Killer Allan Legere denied parole after asking why he can't be forgiven
Parole officer, 72-year-old Legere answer questions during four-hour hearing
A parole board rejected Allan Legere's request for supervised release Wednesday.
Legere, who has been called the "Monster of the Miramichi," was convicted of murder, rape and arson in the early 1990s after he escaped from custody while serving a life sentence for murder. He terrorized the Miramichi community and killed four people over the course of seven months.
"Your risk is not manageable," parole board member Delaine Dew said as she delivered the decision. "The victim harm is still felt to this day and you have a number of outstanding issues."
Legere appeared at the virtual hearing from Edmonton, where he's being held at a maximum security prison. He answered questions at length for close to four hours, saying he doesn't understand why the community can't forgive him.
He said he's a "different man now," but denied killing two of the four people he was found guilty of killing.
Insight into crimes lacking
Legere's parole officer Mercedes Garcia told the hearing his case management team did not support giving Legere day or full parole. She said his participation in some rehabilitation programs has not translated to responsibility.
Legere shows "limited insight into his offences," she said, and is on a waiting list for a high-intensity sex-offender program.
Legere escaped custody in May 1989 while serving time in Renous prison for the murder of shopkeeper John Glendenning and the beating of Glendenning's wife, Mary.
Legere killed Chatham storeowner Annie Flam, 75, in her home 25 days after the escape. He killed sisters Donna and Linda Daughney, 45 and 41, in their Newcastle home five months later, then Rev. James Smith, a 69-year-old Catholic priest, in his Chatham Head rectory five weeks after that.
Community members recall sleeping with guns under their pillows, opening their doors with guns in their hands and installing light poles around their properties to illuminate their yards at night and reveal anyone hiding in the shadows.
Legere appeared at the parole hearing by video link from the Edmonton prison where he's being held.
Doesn't consider himself violent
The board members, Amy Agar and Dew, asked Legere questions for close to four hours. He provided rambling answers, sometimes speaking for 10 to 15 minutes after a yes or no question.
He was asked repeatedly to keep his answers short or to come back to the topic at hand. Even before the hearing started, he often interrupted the hearing officer, extending a routine list of checklist questions to almost an hour.
When asked if he considers himself a violent person, Legere said no.
When asked if he considers himself a sexual offender, Legere said no. Board member Agar said the information on his file speaks to more severe violence and deaths than what he's saying he's responsible for.
Dew asked if he's reminded in any way of the pain and the suffering people felt as a result of his actions. Legere said "Yes, I understand that part," but the one thing he doesn't understand is "why they can't forgive me, why they can't forget."
A board member asked Leger if he takes responsibility for causing the deaths of the four victims slain while he was a fugitive.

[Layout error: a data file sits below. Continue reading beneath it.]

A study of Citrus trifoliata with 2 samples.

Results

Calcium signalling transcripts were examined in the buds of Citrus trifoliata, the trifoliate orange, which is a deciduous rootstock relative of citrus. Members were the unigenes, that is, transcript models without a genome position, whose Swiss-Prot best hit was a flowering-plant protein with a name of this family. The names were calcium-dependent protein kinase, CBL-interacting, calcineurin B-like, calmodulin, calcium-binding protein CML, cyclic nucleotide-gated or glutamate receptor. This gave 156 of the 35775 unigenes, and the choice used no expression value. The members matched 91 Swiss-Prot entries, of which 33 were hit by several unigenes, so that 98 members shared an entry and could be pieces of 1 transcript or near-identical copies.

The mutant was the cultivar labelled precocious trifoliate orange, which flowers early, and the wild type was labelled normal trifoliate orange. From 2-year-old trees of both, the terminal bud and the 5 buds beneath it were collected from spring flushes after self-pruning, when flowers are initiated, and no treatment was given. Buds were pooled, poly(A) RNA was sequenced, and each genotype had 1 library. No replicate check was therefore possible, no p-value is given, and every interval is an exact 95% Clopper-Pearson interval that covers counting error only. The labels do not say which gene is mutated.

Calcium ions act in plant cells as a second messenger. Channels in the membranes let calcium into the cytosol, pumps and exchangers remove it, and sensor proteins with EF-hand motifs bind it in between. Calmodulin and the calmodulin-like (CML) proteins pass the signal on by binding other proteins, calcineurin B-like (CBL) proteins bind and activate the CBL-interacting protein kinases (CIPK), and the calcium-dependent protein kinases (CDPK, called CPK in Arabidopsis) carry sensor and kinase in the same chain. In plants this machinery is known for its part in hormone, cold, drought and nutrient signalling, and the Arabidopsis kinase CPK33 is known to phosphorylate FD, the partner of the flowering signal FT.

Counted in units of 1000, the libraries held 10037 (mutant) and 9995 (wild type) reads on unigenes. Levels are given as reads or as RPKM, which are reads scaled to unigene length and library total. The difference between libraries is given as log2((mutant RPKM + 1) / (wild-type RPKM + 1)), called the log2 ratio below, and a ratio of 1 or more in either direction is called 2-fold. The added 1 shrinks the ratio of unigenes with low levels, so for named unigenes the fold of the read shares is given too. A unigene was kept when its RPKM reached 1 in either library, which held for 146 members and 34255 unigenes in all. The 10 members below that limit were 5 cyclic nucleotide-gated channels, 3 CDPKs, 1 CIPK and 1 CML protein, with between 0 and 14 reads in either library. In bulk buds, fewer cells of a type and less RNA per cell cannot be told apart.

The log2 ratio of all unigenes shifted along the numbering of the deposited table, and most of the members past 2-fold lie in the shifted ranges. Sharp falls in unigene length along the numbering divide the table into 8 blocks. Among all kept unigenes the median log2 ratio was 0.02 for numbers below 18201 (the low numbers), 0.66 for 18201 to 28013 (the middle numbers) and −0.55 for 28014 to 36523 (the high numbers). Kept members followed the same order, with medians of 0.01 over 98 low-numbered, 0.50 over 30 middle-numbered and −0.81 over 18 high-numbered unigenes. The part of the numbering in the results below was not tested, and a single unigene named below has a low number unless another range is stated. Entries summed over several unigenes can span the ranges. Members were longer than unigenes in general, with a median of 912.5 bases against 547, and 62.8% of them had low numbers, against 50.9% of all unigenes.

"I was present, but I wasn't the only one," he said. "I was found guilty but they don't have it right."
Legere denied killing two of the four victims and blamed an accomplice. Legere was one of the first people in Canada to be convicted based on DNA evidence.
Agar said Legere's files speak to antisocial and narcissistic disorder and obsessive compulsive personality disorder, and he scores high on the psychopathy checklist, a result connected to high rates of recidivism.
When asked about his sexual violence tendencies, Leger said female prison employees aren't afraid of him.
"I'm not like that," he said,
Agar said that contrary to what Leger was saying, there have been issues with female staff, including his fixation on some staff to whom he's sent poetry and handmade cards.
"It seems you do have issues," she said.
An untreated offender
When giving the board's decision Dew said Legere remains "an untreated sexual offender and violent offender."
"This is about risk and public safety and when we make a decision the board needs to consider everything in your file, the positives and the negatives, and weigh everything out," Dew says.
At the media briefing, parole board spokesperson Paula Vargas said because Legere is serving a life sentence, he will be supervised by correctional officers for the rest of his life, no matter what the board decides.
"Life means life whether the offender is incarcerated or supervised in the community," she said.
To make their decision, board members had to consider the past, including Legere's criminal history, and the present, including treatment, insights he has gained and how he has behaved institutionally.
The board also had to consider the future, including Legere's release plan, what supports he would have, and how his risk would be managed in the community.
Legere, who is serving a life sentence, will turn 73 in February. He was entitled to apply for parole after serving 25 years.
He's been eligible for day parole since November 2012 and for full parole since November 2015. The verdict was handed down in 1991.